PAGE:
Before approving you for a mortgage loan, lenders want to make sure that you have a high enough income to make your monthly mortgage payments. If all or some of your monthly income comes from a job, you'll have to provide copies of your paycheck stubs as proof of your income. Without these copies, lenders won't provide you with a mortgage loan.
When determining whether you are financially able to handle monthly mortgage payments, lenders will look at two key ratios that compare your debts to your gross monthly income, which is your income before taxes are taken out. The first, the front-end ratio, compares your total estimated mortgage payment -- including your principal, interest and taxes -- with your gross monthly income. Lenders want to work with borrowers whose mortgage payments equal no more than 28 percent of their gross monthly incomes. Lenders also consider your back-end ratio, which looks at the amount of your gross monthly income consumed by your total monthly debts, everything from minimum credit-card payments to mortgage- and auto-loan payments. Lenders want your total monthly debts to total no more than 36 percent of your gross monthly income.
Proving Your Income
Lenders rely on several documents to prove your gross monthly income. Paycheck stubs are a key document for most borrowers. When you apply for a mortgage loan, your lender will ask you to provide copies of at least your last two paycheck stubs as proof of your gross monthly income.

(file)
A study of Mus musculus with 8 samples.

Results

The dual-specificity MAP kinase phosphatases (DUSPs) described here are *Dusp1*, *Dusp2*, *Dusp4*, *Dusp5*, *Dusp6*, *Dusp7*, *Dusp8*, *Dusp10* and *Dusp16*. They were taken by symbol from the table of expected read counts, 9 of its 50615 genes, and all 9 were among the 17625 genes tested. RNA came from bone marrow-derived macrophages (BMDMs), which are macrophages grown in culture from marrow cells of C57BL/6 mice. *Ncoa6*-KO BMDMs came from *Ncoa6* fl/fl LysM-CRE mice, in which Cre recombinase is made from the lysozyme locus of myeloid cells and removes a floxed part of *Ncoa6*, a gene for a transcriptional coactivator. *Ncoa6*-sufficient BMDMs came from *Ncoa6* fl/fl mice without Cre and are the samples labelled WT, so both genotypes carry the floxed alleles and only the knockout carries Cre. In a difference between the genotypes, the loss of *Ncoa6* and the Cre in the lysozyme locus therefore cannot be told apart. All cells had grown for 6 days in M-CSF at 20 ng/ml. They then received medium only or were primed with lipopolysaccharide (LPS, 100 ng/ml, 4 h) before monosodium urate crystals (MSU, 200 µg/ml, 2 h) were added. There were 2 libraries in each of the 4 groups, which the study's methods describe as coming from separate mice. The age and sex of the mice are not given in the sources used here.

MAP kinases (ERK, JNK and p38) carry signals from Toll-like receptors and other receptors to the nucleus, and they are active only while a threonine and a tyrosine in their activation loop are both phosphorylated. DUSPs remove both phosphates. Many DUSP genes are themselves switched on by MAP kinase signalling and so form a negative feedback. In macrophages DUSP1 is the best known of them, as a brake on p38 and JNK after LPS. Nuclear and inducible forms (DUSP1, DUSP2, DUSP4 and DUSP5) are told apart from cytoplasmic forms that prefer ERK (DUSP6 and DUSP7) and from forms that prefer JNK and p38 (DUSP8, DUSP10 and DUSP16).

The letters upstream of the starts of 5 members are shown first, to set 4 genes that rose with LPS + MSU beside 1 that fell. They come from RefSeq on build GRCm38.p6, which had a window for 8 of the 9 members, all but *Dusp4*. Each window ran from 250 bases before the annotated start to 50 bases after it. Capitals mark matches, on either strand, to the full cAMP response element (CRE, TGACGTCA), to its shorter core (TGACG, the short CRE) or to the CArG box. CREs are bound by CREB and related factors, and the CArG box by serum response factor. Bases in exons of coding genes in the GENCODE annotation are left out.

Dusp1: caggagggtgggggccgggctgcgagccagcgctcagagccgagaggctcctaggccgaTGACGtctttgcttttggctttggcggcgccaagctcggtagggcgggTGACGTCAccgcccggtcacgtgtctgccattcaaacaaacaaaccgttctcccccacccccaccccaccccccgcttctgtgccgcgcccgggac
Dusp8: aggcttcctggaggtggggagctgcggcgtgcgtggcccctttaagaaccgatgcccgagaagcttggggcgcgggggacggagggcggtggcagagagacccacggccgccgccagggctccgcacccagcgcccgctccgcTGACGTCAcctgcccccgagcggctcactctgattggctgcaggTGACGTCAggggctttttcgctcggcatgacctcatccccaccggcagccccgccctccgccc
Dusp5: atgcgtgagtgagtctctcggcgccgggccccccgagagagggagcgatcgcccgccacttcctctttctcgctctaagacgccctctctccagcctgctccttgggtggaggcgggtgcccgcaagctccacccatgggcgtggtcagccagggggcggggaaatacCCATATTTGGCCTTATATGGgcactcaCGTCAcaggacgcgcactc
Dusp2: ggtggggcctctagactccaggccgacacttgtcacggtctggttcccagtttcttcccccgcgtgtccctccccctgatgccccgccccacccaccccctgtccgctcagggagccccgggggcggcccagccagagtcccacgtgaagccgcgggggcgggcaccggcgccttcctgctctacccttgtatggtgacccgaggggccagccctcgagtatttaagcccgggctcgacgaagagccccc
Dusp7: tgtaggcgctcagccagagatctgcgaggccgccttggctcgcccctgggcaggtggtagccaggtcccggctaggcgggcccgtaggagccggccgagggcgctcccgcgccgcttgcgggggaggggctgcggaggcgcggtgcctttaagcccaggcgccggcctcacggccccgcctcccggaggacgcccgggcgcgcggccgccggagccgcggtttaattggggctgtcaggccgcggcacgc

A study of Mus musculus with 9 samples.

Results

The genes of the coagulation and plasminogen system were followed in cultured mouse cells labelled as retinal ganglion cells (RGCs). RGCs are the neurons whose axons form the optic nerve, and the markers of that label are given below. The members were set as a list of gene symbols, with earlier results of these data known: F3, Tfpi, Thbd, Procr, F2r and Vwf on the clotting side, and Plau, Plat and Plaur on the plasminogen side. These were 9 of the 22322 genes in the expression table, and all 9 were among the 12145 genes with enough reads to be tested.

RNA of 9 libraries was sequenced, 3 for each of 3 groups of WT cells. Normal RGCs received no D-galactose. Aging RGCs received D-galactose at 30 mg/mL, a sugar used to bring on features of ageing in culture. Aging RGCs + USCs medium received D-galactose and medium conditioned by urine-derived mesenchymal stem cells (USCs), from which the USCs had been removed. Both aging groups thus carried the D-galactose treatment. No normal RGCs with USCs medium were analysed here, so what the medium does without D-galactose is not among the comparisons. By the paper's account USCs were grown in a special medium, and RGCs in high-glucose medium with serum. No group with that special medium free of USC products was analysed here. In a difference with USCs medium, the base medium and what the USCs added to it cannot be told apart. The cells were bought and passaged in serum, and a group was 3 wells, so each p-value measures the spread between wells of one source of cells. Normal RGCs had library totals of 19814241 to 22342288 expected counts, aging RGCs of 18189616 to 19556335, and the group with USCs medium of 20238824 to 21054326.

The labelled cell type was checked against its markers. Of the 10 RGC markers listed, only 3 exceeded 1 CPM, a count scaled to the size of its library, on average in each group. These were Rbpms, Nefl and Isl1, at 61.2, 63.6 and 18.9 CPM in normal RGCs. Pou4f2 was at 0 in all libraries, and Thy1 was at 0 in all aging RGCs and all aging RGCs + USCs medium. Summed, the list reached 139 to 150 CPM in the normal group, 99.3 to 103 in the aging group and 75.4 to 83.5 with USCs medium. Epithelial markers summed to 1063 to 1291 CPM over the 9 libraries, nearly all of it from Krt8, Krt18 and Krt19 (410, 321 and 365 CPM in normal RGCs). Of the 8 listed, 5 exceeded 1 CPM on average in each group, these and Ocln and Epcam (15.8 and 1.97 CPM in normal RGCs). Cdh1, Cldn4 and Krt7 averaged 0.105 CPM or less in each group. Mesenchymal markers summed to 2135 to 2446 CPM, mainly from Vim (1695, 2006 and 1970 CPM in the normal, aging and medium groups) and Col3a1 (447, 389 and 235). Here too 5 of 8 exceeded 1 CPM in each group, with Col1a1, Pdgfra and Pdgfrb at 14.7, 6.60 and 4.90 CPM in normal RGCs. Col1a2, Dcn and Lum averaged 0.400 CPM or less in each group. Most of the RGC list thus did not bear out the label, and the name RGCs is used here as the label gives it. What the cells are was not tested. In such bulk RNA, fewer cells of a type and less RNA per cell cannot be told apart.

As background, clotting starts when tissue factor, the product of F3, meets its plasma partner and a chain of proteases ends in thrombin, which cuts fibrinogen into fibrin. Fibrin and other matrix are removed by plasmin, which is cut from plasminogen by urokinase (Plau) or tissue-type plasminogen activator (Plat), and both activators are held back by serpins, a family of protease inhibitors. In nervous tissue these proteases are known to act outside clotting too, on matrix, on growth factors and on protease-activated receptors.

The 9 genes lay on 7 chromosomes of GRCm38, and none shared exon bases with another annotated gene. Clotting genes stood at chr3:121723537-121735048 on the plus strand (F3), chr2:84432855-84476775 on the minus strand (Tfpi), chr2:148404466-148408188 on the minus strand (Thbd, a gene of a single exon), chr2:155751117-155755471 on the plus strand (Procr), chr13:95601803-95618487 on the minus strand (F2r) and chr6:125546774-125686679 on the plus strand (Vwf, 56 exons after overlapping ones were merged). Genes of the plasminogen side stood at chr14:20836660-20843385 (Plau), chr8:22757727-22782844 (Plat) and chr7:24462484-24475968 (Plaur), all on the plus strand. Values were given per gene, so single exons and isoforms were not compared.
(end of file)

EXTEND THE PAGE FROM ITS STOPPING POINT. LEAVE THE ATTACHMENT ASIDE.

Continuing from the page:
Paycheck stubs aren't the only proof of income that lenders require. Lenders will also ask for copies of such documents as your last two to three years of income-tax returns and last two months of checking and savings account statements. If you receive income from other sources -- such as alimony, legal settlements or rental payments -- your lender will ask for copies of papers documenting these income streams too.
There are cases in which lenders won't ask for paycheck slips. If you receive all of your income from rental real estate, for instance, you won't have paycheck stubs to show to lenders. You might make all of your income as a freelancer if you are a writer, consultant or other type of independent contractor. You, too, won't have paycheck stubs. To prove your income, you might have to send to your lender copies of your last two to three years of income-tax returns and copies of the last two years of 1099 forms that your clients sent you.
Don Rafner has been writing professionally since 1992, with work published in "The Washington Post," "Chicago Tribune," "Phoenix Magazine" and several trade magazines. He is also the managing editor of "Midwest Real Estate News." He specializes in writing about mortgage lending, personal finance, business and real-estate topics. He holds a Bachelor of Arts in journalism from the University of Illinois.